Published May 3, 2012 7:48 pm
This is an archived article that was published on sltrib.com in 2012, and information in the article may be outdated. It is provided only for personal research purposes and may not be reprinted.

I'm in the market for an iPad-type device but have always used and like Windows programs. I need the device for email, browsing and picture presentations. Any suggestions for a tech dummy? — Dennis VandenAkker.

For the longest time, there really have been only two horses in the race for computer-tablet supremacy — the iPad and Android-based versions. But this year will be the beginning of a big push for Windows-based tablets.

That's because Windows 8 is coming out this year and will for the first time be compatible with tablets.

The operating system will utilize an interface called Metro borrowed from the Windows 7 OS for mobile phones, which uses colored tiles instead of icons. And it's a very slick and easy-to-use design that I like a lot (read my earlier review of the Nokia Lumia 900 mobile phone that uses it).

If you plan to buy a Windows-based tablet, you'll want to consider one that will be compatible with Windows 8. There are a lot of advantages to its design that earlier versions of Windows for tablets don't have.

I've never owned a Windows version, so it's difficult for me to recommend one based on experience. But after some research, I've narrowed it to a couple of models that will be compatible with Windows 8.

For me, the top-of-the-line would be a model such as Samsung's Series 7 Slate, which has a massive 11-inch screen and runs on a powerful Intel i5 processor, the same kind used in desktop PCs. At a half-inch thick, it's also one of the thinnest Windows tablets available. It's also very sleek. But it's pricey, running from $1,100 to $1,500.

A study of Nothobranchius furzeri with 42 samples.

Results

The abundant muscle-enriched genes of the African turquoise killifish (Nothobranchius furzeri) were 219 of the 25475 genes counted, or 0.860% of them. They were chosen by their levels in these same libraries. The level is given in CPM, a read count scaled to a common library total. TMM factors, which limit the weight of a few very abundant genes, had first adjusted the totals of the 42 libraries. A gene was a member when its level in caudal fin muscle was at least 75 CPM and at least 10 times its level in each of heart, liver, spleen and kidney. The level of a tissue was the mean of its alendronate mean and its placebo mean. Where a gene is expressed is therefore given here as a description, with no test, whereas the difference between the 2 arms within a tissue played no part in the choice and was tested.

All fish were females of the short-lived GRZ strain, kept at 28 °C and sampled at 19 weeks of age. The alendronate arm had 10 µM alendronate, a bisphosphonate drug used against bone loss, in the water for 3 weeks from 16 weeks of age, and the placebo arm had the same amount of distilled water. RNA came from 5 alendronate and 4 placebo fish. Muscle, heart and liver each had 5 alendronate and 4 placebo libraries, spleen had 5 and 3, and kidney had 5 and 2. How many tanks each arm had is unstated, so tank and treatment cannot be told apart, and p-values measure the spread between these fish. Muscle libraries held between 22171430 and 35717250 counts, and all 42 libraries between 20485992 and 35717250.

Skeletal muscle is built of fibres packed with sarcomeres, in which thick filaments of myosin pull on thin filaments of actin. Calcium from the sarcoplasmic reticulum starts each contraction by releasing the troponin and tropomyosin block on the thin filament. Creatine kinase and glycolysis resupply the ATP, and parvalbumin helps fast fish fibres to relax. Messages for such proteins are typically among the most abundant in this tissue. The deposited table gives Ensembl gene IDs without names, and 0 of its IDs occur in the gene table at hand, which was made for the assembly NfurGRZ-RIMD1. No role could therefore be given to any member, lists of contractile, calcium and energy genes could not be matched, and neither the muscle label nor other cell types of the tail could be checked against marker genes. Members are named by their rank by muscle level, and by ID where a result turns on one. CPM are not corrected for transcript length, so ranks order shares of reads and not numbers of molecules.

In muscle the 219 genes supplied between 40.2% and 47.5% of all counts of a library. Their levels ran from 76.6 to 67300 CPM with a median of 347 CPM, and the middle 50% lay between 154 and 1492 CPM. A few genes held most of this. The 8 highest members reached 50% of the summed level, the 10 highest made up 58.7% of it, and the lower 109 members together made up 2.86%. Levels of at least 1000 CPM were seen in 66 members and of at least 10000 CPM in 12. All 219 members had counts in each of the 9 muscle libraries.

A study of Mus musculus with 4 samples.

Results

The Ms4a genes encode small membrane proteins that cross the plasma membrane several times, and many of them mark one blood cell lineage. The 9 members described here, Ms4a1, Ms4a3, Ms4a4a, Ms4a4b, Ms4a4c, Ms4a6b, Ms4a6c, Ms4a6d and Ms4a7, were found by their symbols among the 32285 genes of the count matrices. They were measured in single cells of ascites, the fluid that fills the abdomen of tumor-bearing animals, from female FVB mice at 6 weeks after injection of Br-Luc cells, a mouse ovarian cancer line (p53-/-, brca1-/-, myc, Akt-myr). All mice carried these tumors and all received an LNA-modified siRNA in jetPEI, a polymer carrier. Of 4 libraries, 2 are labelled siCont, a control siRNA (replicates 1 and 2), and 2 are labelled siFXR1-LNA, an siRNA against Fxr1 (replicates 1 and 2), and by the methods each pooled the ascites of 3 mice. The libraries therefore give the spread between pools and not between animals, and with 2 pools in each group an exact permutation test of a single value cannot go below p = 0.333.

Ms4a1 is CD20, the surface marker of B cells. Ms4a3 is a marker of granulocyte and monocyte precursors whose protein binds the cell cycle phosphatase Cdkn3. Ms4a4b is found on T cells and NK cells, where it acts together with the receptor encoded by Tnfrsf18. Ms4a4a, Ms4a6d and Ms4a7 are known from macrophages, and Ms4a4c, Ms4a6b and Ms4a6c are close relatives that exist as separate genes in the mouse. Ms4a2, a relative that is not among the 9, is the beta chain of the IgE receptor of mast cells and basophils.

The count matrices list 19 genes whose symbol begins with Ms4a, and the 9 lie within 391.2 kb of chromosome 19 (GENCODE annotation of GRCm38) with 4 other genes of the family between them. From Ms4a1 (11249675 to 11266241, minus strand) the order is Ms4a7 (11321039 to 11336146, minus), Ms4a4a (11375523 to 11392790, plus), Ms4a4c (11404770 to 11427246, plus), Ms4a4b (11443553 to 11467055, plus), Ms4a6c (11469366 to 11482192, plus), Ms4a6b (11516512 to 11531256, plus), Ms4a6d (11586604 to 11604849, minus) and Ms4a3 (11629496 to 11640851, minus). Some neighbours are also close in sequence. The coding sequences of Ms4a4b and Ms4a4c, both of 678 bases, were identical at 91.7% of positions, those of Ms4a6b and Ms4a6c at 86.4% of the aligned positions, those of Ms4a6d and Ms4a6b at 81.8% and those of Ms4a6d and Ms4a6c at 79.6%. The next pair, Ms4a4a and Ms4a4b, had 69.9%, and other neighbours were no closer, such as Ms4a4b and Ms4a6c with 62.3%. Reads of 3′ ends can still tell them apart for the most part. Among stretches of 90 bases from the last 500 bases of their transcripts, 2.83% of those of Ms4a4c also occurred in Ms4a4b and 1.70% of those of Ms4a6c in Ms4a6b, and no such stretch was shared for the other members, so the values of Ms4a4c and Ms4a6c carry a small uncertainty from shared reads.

Another model that looks good is the Asus Eee Slate series, which also runs on i5 processors. The one downside to both models is they are big battery drains, probably because of the more powerful processors.

That may be a little too much horsepower for Dennis' needs because he wants to use more basic functions such as email and Web browsing. But one of the advantages to a tablet that uses an i3, i5 or i7 processor is that it can run actual Windows desktop programs in addition to Windows mobile apps. Some of the Windows tablets that use ARM processors also will supposedly run desktop programs through Windows 8, but that's not certain now.

A problem with Windows tablets is the lower number of apps available for that platform. So far, there are 82,000 or so apps for the Windows mobile operating system, compared with the more than 725,000 apps available for the iPad and 450,000 for Android devices. So, there may be some important apps you want for your tablet that are not yet available for Windows.

That's why when you shop for any Windows tablet, you'll want to ask if it can operate regular desktop software, as well as apps.

If you have a question for Vince, email him at ohmytech@sltrib.com, and he'll try to answer it for his column in The Salt Lake Tribune or on its website. For an archive of past columns, go to sltrib.com/topics/ohmytech.